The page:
Have we lost the art of pastoring? Are the biblically-shaped rhythms for shepherding getting left behind while pastors go looking wherever their cheese got moved to?
These are the (really) bare bones of an article idea I have.
These ideas are related to those in a previous post of mine called Gospel Intentionality: Programs vs. Ordinary Life.
I am defining "organic pastoring" as cultivating kingdom rhythms in the discipleship culture of your church by living and ministering within the real lives of those in the community. This, as opposed to managing how this might be done entirely by other people. (I don't know that that's bad, but I don't know that it's pastoring.)
This is not 4 ways to pastor organically. These are 4 traits (but not the only 4) pastors ought to have to pastor organically.
The bigger the ship, the harder it is to turn and the longer it takes to complete a turn. Self-discipline is not only good, it is necessary, but self-rigidity is not. At what point does "always think outside the box" become a box? Are programs and systems more important than people? Does improvising unsettle you? Do you find yourself considering the 1 difficult person expendable to The Vision and Mission™ because the 99 are more comfortable?
Cut it out. People weren't created to be managed, but to be loved. Your daytimer might help you work, but real life is messy because real lives are broken. Pastoring is frequently inconvenient.
2. Gospel Wakefulness
You can get the gospel but not get the gospel. Have you been scandalized? Been granted a huge forgiveness by someone or granted someone a huge forgiveness? Felt the weight of the cross in real life? It's like a switch flips on. Maybe it happened to you at conversion, but if you grew up in church, it's likely it happened after. Maybe you (super)naturally have a great gospel wakefulness apart from a real-life brush-up against the scandal of grace, but that's rare.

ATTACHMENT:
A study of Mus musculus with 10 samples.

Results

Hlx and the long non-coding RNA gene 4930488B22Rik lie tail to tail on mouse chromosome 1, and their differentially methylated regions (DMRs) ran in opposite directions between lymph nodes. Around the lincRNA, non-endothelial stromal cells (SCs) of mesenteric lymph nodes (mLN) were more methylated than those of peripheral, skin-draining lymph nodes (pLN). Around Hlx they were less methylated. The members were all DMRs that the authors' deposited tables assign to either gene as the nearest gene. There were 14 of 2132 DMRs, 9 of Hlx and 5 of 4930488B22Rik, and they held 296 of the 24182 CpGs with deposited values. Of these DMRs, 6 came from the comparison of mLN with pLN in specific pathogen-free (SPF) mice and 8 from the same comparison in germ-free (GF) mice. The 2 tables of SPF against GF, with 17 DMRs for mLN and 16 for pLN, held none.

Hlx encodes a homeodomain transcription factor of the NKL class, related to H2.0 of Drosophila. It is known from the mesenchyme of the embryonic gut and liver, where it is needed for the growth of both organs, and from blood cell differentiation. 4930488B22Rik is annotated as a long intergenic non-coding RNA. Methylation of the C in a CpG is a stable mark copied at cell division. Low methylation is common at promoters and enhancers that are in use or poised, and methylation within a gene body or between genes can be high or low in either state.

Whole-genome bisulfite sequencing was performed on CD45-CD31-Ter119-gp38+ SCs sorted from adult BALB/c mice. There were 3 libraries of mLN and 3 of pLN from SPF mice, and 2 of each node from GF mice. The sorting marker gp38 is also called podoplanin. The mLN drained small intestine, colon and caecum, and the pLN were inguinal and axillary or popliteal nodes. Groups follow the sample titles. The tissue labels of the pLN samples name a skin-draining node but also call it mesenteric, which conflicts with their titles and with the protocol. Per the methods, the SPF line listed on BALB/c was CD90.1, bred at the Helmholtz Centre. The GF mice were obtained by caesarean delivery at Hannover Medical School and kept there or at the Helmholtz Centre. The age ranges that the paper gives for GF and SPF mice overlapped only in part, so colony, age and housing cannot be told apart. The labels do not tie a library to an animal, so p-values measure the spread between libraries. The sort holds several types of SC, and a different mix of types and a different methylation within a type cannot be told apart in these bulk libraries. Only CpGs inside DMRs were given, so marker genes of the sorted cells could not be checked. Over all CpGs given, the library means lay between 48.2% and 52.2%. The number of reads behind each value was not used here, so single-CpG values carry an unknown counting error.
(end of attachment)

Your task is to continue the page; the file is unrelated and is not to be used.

In any event, the problem with people and the world is sin and separation from God (six of one . . .), and the solution is the gospel. Not advice, not skills, not feelings. The solution is who Jesus is and what Jesus did. If this isn't the motivation and the movement of what you do -- intentional, articulated, unadulterated -- you're probably one of those life coach guys, not a pastor.
The reason this is important is because gospel-wakened pastors get less frustrated with people not behaving in convenient ways.
Throw your timetable away. Burn your charts. You are not in control.
The Spirit is like the wind; he goes where he pleases.
An impatient pastor is the guy who thinks a Chia Pet is a harvest.
Success is not success. Faithfulness is. Organic pastoring means trusting that this is true even when the entire world tells you it is not.